Saturday, January 17, 2009

Gay ripples among the peacemakers

James Loney in downtown Baghdad advocating for detainees, before the kidnapping.

In Part 1 of my discussion of the new book 118 Days: Christian Peacemaker Teams Held Hostage in Iraq, I mentioned readers might have some trouble finding a copy. The problem actually goes back further: CPT had a hard time getting the volume published.

They report:

Even before the kidnapping was over, a church press approached CPT hoping for a book. ...

One of the lesser-known ripples of the kidnapping was how [Jim Loney's] partner, Dan Hunt, and the community of which they are a part made the heartbreaking choice to become invisible to protect Jim's life. We were aware that same sex love is a highly charged issue for many churches. Therefore we wanted to make sure the publisher would not silence any author by editing out aspects of the story concerning sexual orientation.

The publisher and CPT agreed that the book would portray "significant things that happened in the Muslim world, the Christian community and in those immediately affected," and in that context, there would not be "any kind of censorship" around Dan and Jim's relationship. ...

On the eve of going to press in February 2007, the publisher demanded that we cut the paragraphs in Dan's chapter that spoke most tenderly of his love for his partner Jim. The publisher had received negative feedback from church leaders, one of whom characterized Dan's chapter as "a pro-gay apologetic." When we refused to make the cuts, the publisher withdrew from the project.

CPT found another church press -- and once again, found themselves confronted with a demand to cut the two men's love story just as the book was about to be printed! They decided to self-publish, concluding:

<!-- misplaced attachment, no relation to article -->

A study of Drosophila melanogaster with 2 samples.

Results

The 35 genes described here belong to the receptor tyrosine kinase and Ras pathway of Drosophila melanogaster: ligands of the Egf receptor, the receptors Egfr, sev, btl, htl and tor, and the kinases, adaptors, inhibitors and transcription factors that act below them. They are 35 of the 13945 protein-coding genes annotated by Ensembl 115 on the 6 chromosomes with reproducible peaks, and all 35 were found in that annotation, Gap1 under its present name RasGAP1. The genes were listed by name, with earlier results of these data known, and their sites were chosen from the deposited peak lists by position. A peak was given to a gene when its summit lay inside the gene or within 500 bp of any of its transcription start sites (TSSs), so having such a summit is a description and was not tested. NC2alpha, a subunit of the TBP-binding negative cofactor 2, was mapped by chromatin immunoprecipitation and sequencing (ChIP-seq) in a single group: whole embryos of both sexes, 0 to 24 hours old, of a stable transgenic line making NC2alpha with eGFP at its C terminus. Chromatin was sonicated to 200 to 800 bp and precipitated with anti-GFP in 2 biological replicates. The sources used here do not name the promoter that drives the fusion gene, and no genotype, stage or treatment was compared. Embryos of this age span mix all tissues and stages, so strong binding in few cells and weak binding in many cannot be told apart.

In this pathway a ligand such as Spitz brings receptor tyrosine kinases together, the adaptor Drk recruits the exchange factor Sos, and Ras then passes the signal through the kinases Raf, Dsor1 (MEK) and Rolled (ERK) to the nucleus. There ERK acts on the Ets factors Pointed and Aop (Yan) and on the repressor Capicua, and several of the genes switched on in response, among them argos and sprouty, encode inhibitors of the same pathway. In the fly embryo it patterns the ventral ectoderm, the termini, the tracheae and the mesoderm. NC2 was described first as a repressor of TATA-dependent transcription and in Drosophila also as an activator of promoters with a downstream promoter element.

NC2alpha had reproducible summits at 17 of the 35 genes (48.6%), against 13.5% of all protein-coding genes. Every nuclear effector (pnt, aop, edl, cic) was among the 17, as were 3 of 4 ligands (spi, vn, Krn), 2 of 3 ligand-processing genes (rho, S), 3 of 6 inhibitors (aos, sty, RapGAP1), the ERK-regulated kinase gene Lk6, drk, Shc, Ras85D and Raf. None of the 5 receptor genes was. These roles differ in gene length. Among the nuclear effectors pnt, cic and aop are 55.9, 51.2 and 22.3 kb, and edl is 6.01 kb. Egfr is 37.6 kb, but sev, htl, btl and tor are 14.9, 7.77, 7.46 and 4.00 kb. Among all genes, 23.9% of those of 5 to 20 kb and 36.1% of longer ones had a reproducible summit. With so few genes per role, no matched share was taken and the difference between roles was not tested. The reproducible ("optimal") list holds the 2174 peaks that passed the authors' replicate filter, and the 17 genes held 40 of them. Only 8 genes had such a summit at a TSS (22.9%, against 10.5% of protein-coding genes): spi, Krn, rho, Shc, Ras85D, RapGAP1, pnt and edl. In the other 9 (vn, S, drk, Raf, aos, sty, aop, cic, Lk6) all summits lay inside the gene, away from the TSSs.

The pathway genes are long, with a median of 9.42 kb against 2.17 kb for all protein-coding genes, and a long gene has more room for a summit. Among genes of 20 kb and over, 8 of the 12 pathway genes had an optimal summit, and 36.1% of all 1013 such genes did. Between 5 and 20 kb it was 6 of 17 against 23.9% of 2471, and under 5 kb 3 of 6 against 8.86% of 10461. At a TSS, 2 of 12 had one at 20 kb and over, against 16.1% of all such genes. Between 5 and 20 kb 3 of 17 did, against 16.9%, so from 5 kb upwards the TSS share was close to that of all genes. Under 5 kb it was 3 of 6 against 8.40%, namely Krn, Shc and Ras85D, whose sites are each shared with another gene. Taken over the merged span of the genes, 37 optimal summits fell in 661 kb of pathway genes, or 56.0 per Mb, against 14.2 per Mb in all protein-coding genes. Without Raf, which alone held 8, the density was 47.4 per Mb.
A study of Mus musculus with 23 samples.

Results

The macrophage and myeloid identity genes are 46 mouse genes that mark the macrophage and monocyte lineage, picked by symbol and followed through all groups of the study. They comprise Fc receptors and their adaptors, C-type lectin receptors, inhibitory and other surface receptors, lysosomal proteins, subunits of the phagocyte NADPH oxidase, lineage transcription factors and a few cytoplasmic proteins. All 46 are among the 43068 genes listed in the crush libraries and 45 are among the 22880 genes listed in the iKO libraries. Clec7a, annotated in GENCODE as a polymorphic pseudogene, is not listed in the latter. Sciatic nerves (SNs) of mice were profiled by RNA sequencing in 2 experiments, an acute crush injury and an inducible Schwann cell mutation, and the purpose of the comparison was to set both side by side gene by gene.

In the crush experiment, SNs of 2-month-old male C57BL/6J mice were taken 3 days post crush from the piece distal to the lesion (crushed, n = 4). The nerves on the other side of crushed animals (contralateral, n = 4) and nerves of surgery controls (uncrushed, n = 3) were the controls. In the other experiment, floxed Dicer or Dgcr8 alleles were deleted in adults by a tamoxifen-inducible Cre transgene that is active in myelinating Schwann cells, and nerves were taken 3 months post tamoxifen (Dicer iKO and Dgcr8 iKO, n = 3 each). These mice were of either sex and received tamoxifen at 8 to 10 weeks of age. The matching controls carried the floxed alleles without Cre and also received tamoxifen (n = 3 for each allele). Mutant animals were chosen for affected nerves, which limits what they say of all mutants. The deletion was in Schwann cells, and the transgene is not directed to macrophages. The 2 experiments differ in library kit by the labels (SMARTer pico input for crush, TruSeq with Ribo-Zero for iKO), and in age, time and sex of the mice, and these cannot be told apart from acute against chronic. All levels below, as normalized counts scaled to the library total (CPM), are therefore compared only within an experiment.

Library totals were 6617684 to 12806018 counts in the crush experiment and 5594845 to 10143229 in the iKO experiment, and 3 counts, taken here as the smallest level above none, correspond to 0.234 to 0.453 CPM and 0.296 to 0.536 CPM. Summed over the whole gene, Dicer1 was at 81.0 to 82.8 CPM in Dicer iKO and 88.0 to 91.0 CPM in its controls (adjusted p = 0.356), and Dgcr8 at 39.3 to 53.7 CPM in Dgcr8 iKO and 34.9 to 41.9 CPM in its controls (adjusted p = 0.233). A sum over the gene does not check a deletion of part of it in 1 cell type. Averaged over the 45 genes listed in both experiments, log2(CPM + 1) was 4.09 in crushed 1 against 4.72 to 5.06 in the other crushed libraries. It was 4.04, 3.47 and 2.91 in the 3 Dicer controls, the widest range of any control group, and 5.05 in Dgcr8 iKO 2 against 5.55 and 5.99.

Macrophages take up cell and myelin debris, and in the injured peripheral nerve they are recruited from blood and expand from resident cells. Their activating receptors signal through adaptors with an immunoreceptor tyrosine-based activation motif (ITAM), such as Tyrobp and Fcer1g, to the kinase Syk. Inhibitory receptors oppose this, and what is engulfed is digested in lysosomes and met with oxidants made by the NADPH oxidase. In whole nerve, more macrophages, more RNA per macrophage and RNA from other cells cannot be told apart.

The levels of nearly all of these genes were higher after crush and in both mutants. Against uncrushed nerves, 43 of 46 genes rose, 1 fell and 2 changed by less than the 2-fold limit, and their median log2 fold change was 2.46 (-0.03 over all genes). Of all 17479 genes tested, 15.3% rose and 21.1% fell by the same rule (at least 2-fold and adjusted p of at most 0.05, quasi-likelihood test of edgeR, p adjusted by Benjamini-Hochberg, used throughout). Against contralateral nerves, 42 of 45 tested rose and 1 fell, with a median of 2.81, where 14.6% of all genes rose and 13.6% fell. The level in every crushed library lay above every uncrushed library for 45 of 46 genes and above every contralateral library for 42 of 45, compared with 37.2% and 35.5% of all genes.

Sadly, what neither publisher seems to recognize is that their editing requirements are part of the same system of homophobia that threatened Jim's life while he was in captivity, and subsequently condemned Dan to invisibility.

Being known as gay would indeed have increased the likelihood that Jim Loney would be killed during the kidnapping. One of the many aspects of Iraqi life which the U.S. invasion destroyed was the society's "don't ask; don't tell" accommodation with its gay male population. Under Saddam Hussein, private conduct was tolerated -- or police could be bribed. But the religious fanaticisms released under occupation have made surviving difficult for Iraq's gays. Many gay men have been murdered or emigrated.

So when Loney was kidnapped in November 2005, CPT and his friends did everything they could to keep the truth out of the media. This wasn't easy. He was a prominent peace activist who made no secret of his orientation.

Dan Hunt and Jim Loney lived in a Toronto Catholic Worker community. A friend there, William Payne, tells a poignant story in the book of what they had to do to try to protect Loney.

Through a crack in the rainbow-colored paper...pasted over the window, I spotted a television camera. Another knock.

...She asked, "are you Dan Hunt?"


"I'm looking for Jim Loney's partner. Are you his partner?"

I inhaled. "If you mention in your story that Jim might be gay, whether he is or not, you'll get him killed." It was time to be blunt and it worked.

She stumbled on her words. "I'm not homophobic and my boss is gay."

"That's not the point. We don't know who is holding Jim, but if they are homophobic, any suggestion that he might be gay could lead to his death."

I could see her backing off the storyline. I exhaled. And so, in the hope it would bring Jim home alive, our collective return to the closet began.

And so, Jim's people, and above all his partner, erased themselves for the duration. The closet is deeply self-destructive, but it had to be accepted for a friend. Above all, it meant that those closest to Jim would not openly receive and/or acknowledge the emotional support from Jim's well-wishers of which they were the object. The hostage crisis caused much inner re-evaluation among these LGBT Christians, put them in contact with Muslims struggling with LGBT issues in their own communities, and seems to have strengthened CPT's commitment to full equality for gay people.

Christian Peacemaker Teams took a brave step for the full inclusion of gay people in the lives of their churches by refusing to edit out this aspect of the kidnapping story.